A private theater in Yerevan has come under fire from Armenian film critics and cinemagoers after cancelling the premiere of prominent Danish director Lars Von Trier’s latest movie known for its very erotic content.
Replete with explicit sex scenes, Von Trier’s “Nymphomaniac” was billed as one of the hotly anticipated movies of 2013. It premiered in Demark in December and has been shown across Europe since then.
Yerevan’s Cinema Star theater was due to start screening the film on Thursday. However, it announced on Wednesday that the show has been cancelled due to “numerous complaints by some citizens and social groups.” It did not name any of them.
No Armenian group has publicly campaigned against “Nymphomaniac” in recent days or weeks. Nor have any government officials or religious leaders spoken out against it.
Responding to a flurry of critical comments posted on its Facebook page after the announcement, Cinema Star cited the “family-oriented” character of its operations and said it wanted to avoid “conflicting opinions” about the film. The private operator refused to comment further.
Yerevan’s two other major cinemas made clear on Thursday that they have no intention to purchase screening rights for “Nymphomaniac.”
Liberal film critics condemned the development as a manifestation of cultural censorship. “This may set a bad precedent in a country where censorship is officially illegal,” Zaven Boyajian, a veteran expert, told RFE/RL’s Armenian service (Azatutyun.am).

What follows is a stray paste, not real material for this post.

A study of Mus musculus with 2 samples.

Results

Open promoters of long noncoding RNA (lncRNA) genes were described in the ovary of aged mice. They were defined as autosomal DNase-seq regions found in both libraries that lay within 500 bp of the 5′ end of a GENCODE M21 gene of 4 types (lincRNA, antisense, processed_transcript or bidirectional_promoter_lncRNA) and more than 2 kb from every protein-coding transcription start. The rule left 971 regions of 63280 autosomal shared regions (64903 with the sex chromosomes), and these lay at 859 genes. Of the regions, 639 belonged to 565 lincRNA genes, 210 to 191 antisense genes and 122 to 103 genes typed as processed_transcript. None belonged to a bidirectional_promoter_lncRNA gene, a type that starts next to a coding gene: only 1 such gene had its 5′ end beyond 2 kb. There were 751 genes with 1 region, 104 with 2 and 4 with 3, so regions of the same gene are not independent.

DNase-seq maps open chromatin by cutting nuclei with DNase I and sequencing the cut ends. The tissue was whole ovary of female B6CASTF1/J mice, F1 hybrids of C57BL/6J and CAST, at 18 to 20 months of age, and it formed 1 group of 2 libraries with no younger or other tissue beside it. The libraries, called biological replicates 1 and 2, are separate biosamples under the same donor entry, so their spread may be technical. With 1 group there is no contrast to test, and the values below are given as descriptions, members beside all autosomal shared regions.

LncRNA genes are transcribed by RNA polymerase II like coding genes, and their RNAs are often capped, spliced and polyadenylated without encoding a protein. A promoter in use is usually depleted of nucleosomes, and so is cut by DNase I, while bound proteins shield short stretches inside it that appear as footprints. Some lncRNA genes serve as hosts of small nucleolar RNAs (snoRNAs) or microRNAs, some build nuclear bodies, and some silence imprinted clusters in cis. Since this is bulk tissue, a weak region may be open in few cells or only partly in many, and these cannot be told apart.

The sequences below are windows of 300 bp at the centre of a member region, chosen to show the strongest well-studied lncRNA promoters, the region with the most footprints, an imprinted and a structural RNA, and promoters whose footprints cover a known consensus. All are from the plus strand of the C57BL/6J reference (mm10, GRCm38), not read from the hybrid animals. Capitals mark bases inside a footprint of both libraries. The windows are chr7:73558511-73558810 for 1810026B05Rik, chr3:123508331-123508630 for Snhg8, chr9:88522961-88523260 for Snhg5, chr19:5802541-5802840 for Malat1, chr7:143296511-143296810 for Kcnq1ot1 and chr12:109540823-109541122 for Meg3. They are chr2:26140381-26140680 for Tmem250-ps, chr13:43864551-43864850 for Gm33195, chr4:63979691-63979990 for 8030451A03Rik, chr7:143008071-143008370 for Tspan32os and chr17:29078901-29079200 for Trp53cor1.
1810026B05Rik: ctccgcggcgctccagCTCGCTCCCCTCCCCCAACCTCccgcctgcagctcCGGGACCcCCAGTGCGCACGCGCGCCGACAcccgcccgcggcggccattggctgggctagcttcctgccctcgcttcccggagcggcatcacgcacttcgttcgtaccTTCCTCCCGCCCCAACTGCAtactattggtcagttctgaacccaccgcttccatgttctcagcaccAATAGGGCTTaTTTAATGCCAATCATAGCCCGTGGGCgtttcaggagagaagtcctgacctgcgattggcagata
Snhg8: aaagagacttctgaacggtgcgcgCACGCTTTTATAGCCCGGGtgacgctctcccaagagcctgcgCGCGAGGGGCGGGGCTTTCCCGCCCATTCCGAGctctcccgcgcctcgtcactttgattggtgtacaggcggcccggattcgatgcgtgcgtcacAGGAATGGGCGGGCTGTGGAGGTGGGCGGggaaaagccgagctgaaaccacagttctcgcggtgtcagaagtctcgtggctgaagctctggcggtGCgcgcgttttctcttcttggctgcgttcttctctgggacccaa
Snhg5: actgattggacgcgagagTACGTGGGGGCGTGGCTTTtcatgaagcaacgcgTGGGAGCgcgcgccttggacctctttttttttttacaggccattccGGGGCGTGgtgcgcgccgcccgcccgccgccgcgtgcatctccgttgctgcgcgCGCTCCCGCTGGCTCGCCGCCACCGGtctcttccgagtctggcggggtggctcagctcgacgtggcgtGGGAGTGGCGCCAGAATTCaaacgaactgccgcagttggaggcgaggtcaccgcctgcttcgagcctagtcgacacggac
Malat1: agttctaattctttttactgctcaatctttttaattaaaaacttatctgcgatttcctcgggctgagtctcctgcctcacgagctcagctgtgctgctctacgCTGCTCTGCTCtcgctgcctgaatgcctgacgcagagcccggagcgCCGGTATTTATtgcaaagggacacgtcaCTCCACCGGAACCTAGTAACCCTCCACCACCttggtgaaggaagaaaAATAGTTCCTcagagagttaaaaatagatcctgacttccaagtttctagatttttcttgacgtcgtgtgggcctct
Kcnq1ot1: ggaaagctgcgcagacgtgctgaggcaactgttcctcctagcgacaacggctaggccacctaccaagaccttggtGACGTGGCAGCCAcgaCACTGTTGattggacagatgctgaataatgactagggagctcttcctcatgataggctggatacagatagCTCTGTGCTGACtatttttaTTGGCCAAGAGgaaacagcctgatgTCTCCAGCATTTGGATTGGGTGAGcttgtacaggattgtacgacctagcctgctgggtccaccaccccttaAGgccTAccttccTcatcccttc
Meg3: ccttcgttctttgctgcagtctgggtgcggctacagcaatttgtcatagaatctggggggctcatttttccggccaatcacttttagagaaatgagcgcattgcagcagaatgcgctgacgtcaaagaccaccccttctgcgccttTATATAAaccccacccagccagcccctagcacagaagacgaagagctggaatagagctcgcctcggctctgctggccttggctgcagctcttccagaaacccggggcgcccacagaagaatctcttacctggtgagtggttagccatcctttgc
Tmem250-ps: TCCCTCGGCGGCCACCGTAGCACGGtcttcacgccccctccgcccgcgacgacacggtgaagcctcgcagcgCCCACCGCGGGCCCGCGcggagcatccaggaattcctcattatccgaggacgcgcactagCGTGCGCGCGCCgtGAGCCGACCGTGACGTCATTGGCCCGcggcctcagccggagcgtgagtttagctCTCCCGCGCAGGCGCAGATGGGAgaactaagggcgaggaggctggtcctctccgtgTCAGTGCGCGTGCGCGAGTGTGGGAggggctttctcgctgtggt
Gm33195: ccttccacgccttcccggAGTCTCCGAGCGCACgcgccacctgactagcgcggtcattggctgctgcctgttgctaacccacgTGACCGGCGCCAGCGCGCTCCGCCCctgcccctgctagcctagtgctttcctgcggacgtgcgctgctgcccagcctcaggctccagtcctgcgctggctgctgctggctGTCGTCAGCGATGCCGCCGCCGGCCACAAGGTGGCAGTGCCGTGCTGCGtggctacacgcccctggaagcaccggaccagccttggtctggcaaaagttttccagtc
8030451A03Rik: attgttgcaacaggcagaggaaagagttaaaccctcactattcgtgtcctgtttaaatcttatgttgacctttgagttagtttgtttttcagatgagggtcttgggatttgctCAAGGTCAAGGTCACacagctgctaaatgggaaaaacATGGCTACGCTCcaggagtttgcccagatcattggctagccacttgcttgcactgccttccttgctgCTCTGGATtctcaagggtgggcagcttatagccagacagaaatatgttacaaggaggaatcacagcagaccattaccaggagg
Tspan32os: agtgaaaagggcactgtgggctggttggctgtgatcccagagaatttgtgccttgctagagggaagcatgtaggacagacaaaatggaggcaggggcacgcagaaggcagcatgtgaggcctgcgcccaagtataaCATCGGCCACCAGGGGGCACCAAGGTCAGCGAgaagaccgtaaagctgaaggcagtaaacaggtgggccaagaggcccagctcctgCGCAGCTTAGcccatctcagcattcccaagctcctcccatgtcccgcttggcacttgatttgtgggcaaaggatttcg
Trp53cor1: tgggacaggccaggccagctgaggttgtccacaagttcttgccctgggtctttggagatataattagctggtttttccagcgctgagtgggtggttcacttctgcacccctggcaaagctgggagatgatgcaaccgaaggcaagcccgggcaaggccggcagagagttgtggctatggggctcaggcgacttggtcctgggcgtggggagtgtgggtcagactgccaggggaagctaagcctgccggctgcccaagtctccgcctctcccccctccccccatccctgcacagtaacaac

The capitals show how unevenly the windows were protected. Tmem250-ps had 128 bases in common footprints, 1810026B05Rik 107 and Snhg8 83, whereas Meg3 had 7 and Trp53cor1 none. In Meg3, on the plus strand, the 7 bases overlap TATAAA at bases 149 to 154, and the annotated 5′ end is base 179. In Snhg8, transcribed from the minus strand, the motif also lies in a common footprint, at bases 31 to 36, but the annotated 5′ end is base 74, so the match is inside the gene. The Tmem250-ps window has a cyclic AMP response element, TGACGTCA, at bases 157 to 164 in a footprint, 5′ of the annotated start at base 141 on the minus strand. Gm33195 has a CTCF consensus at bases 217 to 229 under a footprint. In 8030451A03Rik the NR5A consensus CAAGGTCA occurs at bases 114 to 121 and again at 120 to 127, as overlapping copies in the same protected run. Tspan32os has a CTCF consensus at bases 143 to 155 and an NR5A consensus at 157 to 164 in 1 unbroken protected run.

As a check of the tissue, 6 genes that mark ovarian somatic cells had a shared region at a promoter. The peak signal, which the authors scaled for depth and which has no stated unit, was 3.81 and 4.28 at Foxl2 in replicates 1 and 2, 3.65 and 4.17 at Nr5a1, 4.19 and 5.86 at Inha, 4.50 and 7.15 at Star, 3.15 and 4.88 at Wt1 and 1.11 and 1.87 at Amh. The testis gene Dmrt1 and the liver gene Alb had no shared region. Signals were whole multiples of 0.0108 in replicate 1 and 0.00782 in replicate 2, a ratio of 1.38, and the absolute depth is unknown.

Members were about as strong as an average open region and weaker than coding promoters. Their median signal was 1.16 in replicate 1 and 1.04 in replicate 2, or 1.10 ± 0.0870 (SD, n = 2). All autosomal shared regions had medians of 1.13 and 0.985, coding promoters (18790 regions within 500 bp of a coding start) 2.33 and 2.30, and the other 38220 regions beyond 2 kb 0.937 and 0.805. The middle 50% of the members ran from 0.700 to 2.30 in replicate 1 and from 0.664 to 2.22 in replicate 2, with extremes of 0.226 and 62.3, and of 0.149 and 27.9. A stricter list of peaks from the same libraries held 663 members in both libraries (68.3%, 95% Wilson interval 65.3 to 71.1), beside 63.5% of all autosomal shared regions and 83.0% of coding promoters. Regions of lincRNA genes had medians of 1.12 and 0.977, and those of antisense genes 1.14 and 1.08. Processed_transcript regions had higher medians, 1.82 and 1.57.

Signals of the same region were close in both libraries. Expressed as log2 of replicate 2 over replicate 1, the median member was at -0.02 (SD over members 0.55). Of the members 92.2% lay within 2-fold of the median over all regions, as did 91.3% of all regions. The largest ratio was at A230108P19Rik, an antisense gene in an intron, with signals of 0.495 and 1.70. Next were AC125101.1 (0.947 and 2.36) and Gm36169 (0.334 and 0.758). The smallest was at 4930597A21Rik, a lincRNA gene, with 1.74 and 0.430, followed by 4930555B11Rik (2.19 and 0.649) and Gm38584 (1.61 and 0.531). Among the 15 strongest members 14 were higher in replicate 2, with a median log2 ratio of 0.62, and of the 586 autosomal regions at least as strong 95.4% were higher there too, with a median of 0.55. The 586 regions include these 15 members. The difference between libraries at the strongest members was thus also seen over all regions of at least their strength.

Diana Martirosian, a younger critic, was even more scathing, saying that she and her friends will protest against the cancellation by watching the Danish filmmaker’s early works in a private club on Thursday night. “People knowing who Lars Von Trier is expect good cinematography, and not nude scenes,” said Martirosian.
But Arax Poghosian, a talk-show host at the Radio Vem station close to the Armenian Apostolic Church, defended the de facto ban, saying that “Nymphomaniac” is an “almost pornographic film.” “Even if they call it censorship, I consider that useful censorship,” Poghosian told RFE/RL’s Armenian service (Azatutyun.am).
Poghosian suggested that the Armenian government was behind the ban. “I’m not so naïve as to think that if a movie is banned then people won’t find a way of watching it,” she said. “But it’s up to each individual to decide. The state is demonstrating its position and I consider that normal.”
Boyajian brushed aside the pornography claims, saying that they are made by those who have not seen “Nymphomaniac.” The Yerevan theater should have only barred minors from its screenings, he said. The critic was also confident that not many people would have rushed to watch the movie given Von Trier’s reputation as “elite director.”
That reputation was tarnished when the 57-year-old filmmaker was expelled from the 2011 Cannes festival for joking that he sympathizes with Adolf Hitler. It was the first such expulsion from the world's top film festival in 64 years.